How to Make Your LinkedIn Page Pop

LinkedIn matters.

These are the words of Mary Ryan, Associate Director of Career and Leadership Services for Working Professionals at the UNC Kenan-Flagler Business School. The professional networking service is a good way to keep track of people you know, and it’s also something employers and recruiters check before they send out that coveted job offer. They’re not only checking to make sure you don’t have anything negative crop up, but also to make sure that you’re putting your best foot forward.

Ryan’s advice is simple: If you are an MBA student, you must have a LinkedIn page. But how can you optimize your page? What should you feature and what’s best left off? We recently sat down with Ryan to discuss her advice on how MBA students can create compelling and effective LinkedIn pages.

To kick things off, Ryan lists six things every profile needs to have:

 

LinkedIn Profile Page

 

  1. A picture. Your profile picture should feature one thing: you. And not just any picture will do. Visitors to your profile must be able to recognize you and the photo should act as a tool to help them remember who you are. You should be the only person in your picture and it should have a light background. Above all else, you want to look competent and friendly.
  1. Your name. You’d think this would be the easy part. But keep in mind that if you have a maiden name or nickname that you use, include it in parentheses next to your professional name so that it is searchable.
  1. A professional headline. This section will autofill with your current job title, but Ryan suggests changing it to pull in keywords for the types of jobs you're interested in pursuing. Since this is one of the first things people will see about you, you want your professional headline to represent the work you currently do and the types of work you want to do. This will help recruiters find you. Don’t make this section too long—Ryan recommends filling in no more than two lines and making every word count.
  1. A location. On LinkedIn, it’s better to err on the side of a broader location than a specific one. This may mean identifying yourself with the largest city that you’d be willing to commute to rather than the city or town that you live in.
  1. An industry. As with location, broader is better when it comes to industry. Ryan says this means choosing “military” over “airlines” for a military pilot, “finance” over “banking,” and similar choices that broaden your reach with recruiters. You want this section to be broad but still relevant; if there is a specific area that you specialize in, make sure that’s included in your professional headline.
  1. A custom URL. Take the time to customize your LinkedIn URL. This way, you can include it on a resume and it will look a lot cleaner.

 

Next, Ryan recommends that you create a Summary Section. This is a great place to provide your career highlights.

“Consider it a gift for your reader,” she says. “If they only have time to look at the first third of your profile, they’ll get all of the key information they need.”

Feel free to add in key words and multimedia links. A profile broken up with pictures is far more engaging than solid text.

 

LinkedIn Summary Page

 

In terms of your experience section, Ryan recommends highlighting your experience through the lens of “showing awesome factor.” She suggests that you compare yourself to a hypothetical coworker who has your same responsibilities but is terrible at their job. If they could include the same bullet point, without lying, you’re not showing “awesome factor.” What bullet points and details can you include in your experience that the other person cannot? To separate yourself from the herd, include percentages and numbers in this section, quantifying your successes in a way that enhances the basic description. Including specific feedback from peers is valuable as well because it is these qualitative metrics that set you apart from others.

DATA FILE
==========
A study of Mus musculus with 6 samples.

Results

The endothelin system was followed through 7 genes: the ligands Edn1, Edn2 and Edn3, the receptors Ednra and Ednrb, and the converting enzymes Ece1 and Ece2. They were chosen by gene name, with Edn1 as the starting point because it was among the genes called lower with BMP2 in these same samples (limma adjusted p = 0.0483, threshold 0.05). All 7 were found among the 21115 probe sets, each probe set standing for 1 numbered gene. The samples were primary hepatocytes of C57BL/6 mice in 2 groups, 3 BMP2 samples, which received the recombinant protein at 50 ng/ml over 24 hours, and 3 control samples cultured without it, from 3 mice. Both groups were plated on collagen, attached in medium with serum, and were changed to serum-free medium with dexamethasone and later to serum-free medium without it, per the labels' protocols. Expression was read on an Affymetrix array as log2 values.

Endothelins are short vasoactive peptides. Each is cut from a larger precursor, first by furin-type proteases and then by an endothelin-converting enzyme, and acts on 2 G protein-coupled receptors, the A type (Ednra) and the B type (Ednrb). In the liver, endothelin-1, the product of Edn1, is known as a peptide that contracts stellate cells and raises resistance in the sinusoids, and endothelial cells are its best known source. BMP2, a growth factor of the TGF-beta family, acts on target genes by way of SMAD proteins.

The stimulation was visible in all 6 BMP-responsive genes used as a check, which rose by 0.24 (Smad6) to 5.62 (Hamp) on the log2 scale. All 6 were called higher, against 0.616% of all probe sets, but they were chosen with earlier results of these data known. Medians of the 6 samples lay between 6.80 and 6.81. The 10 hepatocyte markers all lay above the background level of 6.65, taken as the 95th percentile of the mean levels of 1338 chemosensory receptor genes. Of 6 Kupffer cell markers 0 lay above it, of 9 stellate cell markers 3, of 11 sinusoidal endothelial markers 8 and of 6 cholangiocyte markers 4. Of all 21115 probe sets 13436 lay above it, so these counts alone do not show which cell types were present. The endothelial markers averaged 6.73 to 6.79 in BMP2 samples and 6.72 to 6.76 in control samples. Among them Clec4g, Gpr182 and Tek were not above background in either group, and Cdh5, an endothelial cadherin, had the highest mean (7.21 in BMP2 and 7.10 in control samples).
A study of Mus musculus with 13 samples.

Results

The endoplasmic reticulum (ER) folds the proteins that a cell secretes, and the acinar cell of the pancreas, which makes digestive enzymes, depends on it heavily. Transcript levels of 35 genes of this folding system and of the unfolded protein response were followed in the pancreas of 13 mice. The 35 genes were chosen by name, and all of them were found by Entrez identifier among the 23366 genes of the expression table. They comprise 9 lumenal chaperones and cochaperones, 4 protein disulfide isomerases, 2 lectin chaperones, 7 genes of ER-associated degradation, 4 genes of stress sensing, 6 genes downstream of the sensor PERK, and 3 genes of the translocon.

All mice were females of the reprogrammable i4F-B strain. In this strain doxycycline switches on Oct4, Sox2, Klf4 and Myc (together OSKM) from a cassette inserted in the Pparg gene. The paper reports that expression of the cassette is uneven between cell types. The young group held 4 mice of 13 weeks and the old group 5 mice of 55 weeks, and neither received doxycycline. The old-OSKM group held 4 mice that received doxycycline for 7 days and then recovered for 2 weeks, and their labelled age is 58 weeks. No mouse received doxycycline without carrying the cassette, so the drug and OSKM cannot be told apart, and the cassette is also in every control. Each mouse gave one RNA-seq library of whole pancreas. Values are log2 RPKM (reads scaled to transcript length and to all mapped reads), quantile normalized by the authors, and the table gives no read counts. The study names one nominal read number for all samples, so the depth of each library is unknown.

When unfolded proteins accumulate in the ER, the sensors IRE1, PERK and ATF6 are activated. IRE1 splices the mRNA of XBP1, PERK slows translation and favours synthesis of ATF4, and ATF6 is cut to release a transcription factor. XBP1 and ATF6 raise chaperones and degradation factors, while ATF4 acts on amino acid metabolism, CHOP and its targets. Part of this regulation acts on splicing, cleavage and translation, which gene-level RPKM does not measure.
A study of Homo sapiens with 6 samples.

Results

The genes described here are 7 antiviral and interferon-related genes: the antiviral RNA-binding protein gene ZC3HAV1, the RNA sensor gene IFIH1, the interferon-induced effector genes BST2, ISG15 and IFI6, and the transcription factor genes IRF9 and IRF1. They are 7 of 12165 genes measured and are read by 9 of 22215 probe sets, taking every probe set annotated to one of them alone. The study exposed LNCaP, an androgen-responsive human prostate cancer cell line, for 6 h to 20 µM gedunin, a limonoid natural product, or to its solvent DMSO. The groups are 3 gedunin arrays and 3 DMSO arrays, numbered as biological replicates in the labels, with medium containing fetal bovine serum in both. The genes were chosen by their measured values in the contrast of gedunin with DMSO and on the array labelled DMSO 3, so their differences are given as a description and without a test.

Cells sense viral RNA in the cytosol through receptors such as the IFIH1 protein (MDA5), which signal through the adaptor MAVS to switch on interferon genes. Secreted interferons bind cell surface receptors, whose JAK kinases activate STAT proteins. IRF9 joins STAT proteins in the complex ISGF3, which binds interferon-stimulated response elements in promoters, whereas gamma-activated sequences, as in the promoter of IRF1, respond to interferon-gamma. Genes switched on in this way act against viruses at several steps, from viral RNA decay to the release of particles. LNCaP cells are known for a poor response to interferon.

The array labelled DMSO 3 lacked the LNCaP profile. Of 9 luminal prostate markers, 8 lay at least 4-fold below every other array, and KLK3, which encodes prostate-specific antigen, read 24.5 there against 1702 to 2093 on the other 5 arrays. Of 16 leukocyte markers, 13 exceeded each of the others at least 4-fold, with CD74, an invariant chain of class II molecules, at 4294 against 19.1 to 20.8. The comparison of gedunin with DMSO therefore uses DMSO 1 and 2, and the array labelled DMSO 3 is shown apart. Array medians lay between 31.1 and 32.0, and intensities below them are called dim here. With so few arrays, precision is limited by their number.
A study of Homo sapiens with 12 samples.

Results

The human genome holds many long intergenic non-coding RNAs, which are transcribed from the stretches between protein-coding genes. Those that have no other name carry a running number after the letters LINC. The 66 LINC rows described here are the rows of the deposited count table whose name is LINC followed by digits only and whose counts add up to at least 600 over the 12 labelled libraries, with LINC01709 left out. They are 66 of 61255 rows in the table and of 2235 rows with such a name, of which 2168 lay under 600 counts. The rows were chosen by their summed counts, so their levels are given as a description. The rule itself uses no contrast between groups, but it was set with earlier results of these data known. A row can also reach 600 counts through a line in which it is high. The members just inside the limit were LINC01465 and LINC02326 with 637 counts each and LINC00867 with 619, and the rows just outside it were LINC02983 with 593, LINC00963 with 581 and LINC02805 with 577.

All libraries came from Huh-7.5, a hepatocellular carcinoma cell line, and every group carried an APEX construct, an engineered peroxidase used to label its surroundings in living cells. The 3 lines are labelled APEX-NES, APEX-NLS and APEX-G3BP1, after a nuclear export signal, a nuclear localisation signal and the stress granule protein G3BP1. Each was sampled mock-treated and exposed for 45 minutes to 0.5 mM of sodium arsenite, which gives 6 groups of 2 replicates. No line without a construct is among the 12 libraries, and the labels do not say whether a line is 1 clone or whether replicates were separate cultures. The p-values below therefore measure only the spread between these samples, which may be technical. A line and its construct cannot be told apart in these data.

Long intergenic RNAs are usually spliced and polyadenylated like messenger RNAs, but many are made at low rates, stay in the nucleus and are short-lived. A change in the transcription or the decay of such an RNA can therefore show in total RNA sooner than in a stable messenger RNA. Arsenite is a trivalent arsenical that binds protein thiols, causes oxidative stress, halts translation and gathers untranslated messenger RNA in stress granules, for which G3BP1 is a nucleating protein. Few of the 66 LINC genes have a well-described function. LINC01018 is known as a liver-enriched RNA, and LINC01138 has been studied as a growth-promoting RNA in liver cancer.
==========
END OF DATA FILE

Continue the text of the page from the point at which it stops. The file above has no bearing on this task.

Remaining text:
Example No. 1

Without results: Led cross-functional global product team and generated new business.
With results: Led cross-functional global product team to launch new product in 10 countries; delivered new business of $150,000, 20 percent above plan projections. 

 

Example No. 2

Without results: Created a training program to improve office processes.
With results: Decreased expense report throughput processing by 60 percent through the development of a mandatory training program for all employees.

 

For skills, Ryan’s top advice for MBA students is to be strategic about the top 10 listed. Move them around, rearranging according to what you want to be known for. It’s also a good idea to reorder your skills list so that it matches your desired job description.

 

LinkedIn Skills Page

 

Ryan also suggests that MBA students use LinkedIn’s groups. By joining a variety of groups, an MBA student can serve both their academic and professional interests. Joining groups that are tied to your field or future field shows that you are keeping up with your industry’s thought leaders. Joining groups related to your schools makes it easier to network with people who already have commonalities with you and helps you build a mature professional network.

 

LinkedIn Groups Page

 

Finally, Ryan’s last advice concerns recommendations. It may take some work, but getting as many honest and authentic recommendations as you can will make your profile stand apart. Ask your recommenders to be specific and brief them on your career goals—not only does this create concrete, meaningful recommendations for you, it will also make it easier for them to write a good one.

LinkedIn is a phenomenal tool that MBA students can use to advance to the next stages of their careers, but too many profiles get lost in the search results. Use Ryan’s tips to make sure your profile isn’t one of them.